Nigerian VC firms are still willing to invest—but they’re asking harder questions

"There is now a flight to fundamentals," Olu Oyinsan, of Oui Capital, said.
54Gene's investors are raising more money
54Gene's investors are raising more money
Photo: 54Gene

Ventures Platform, Oui Capital, and Microtraction are among the firms that have reached the first close of new funds. Others in the process include Future Africa, run by the ex-Andela and ex-Flutterwave founder Iyinoluwa Aboyeji, and Ingressive Capital owned by Maya Horgan-Famodu, according to people familiar with both firms. Ingressive Capital is said to be raising $50 million for its second fund. The company declined to comment.

Microtraction was one of the first investors in 54Gene, the genomics research startup building a DNA bank of people of African descent. With $15 million raised so far, Microtraction’s second fund trumps the $1 million with which the firm launched in 2017. Investors in its new fund include early backers like Michael Seibel, an executive at the US accelerator Y Combinator, and new parties like Alexis Ohanian, the Reddit founder and husband of the ex-tennis star and venture capitalist Serena Williams.

Why are Nigerian VCs raising new funds?

A larger fund enables Microtraction to increase its minimum check to $100,000 for 7% equity, and it is already investing out of the new fund, Dayo Koleowo, the firm’s managing partner told Quartz. “As a fund, nobody will take your $15,000 like we used to give five years ago,” he said, citing rising costs of operations including hiring engineering talent.

Without much of a playbook to learn from, Microtraction’s 2017 fund was launched to bridge a perceived pre-seed funding gap, Koleowo said. “We wanted to test our hypothesis of ‘can we find remarkable, exceptional twenty-somethings looking to solve the biggest challenges in Nigeria?’”

Today, the firm boasts over 20 startups, the majority being in fintech, Africa’s most funded tech sector. The combined valuation of the firm’s portfolio is close to $600 million. It is paper money but Koleowo says it shows they have achieved “micro traction” and can pick winners, hence justifying raising a new fund. They have not received pressure from their investors to exit some of their investments, he said.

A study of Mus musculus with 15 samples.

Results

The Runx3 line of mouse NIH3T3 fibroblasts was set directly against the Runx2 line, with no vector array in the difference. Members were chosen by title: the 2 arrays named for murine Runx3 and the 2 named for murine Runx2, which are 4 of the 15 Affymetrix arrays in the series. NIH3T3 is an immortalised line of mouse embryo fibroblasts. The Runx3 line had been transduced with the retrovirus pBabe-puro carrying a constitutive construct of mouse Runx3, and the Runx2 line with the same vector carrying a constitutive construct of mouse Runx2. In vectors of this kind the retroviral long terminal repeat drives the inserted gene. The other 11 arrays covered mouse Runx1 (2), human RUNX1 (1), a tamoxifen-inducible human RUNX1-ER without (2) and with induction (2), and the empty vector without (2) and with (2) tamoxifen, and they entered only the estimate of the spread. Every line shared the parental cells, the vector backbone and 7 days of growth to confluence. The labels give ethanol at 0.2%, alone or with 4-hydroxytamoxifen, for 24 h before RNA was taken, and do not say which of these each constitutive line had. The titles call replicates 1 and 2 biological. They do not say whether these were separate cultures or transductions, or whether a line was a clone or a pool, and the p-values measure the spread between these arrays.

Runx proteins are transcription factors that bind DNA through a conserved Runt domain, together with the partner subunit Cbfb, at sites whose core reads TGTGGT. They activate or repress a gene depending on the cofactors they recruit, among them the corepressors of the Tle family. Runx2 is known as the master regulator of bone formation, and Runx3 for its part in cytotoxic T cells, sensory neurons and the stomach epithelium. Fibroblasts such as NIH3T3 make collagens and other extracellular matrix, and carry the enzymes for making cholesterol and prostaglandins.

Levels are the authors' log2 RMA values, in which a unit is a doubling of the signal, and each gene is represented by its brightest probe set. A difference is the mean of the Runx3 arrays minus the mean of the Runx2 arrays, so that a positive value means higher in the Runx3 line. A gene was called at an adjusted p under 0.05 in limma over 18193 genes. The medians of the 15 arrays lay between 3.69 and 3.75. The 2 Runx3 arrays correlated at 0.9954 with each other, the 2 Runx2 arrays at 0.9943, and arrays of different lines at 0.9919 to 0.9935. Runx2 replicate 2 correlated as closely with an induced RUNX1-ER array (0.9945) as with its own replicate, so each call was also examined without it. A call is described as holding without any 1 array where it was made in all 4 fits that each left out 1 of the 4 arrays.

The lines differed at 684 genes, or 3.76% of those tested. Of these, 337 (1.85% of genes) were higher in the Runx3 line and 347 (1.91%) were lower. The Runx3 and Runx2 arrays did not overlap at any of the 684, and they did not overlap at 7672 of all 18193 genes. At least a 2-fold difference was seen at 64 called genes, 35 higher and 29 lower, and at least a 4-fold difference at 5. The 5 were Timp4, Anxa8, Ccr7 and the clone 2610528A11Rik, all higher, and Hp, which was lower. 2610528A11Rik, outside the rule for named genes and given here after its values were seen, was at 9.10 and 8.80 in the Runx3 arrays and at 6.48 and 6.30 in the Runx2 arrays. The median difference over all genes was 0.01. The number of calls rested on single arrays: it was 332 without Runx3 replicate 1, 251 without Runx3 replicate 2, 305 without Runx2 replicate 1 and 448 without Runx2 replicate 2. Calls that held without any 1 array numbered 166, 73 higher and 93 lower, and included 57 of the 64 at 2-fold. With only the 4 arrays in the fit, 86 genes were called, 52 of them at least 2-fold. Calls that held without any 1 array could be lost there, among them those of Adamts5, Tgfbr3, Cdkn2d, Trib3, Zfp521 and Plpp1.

Oui Capital wants to raise $30 million for its second fund. “Our first close of this fund is already double the size of our first fund,” which was $5 million, says Olu Oyinsan, Oui’s founder and managing partner. One of its flagship investments from the first fund was in TeamApt, a company at the core of Nigeria’s vast agency banking system. Oui is raising a larger fund to lead funding rounds and will increase its check size to up to $750,000, ten times its previous standard.

More questions will accompany checks

But larger checks will come with additional scrutiny. “What has changed and is going to continue is that investors are asking harder questions,” Oynisan says. “Where is the user growth? Where is the revenue? Are the users you’re acquiring valuable? What’s the plan for profitability? There is now a flight to fundamentals.”

This year’s prickly economic climate of high inflation and war-distorted supply chains have started affecting African startups too. It is manifesting in a wave of employee layoffs in at least seven companies including 54Gene, which reportedly laid off 95 people due to a decline in its pandemic-era covid testing business, and francophone Africa’s first unicorn, Wave.

Reacting to the layoffs, one high-ranking logistics startup executive said the moment calls for a return to the basics of offering services demanded by customers, not investors, while ensuring actual money is being received towards profitability. “It is shocking how we thought about businesses in any other way.”

Will early-stage investments maintain its pace in Africa?

The average size of an African startup’s seed stage raise grew from $770,000 to $1.2 million between 2015 and 2021, according to Partech Partners, based on a database of deals above $200,000. The $617 million raised by seed stage startups last year was more than the combined total from 2015 to 2020.

Typically dominated by local players who use their close ecosystem ties to fund potential founders, African seed stage investing has been shaken up by big pockets like Tiger Global. The firm has led seed rounds in Zambia-based Union54 and Ghana-based Float in the last 12 months, the latter being a $17 million round. Tiger has increased competition for deals in Africa.

Still, Oyinsan says local VCs maintain a collaborative relationship, “since we have an ecosystem to build.” Some factors might differentiate one from another, “a network that can be tapped into, domain expertise and reputation, speed amongst other things.”

But these firms will still share deals and co-invest on rounds, Koleowo says. Ultimately, that’s a win for startups that will need money to ride out the current climate, and hopefully customers who will be served.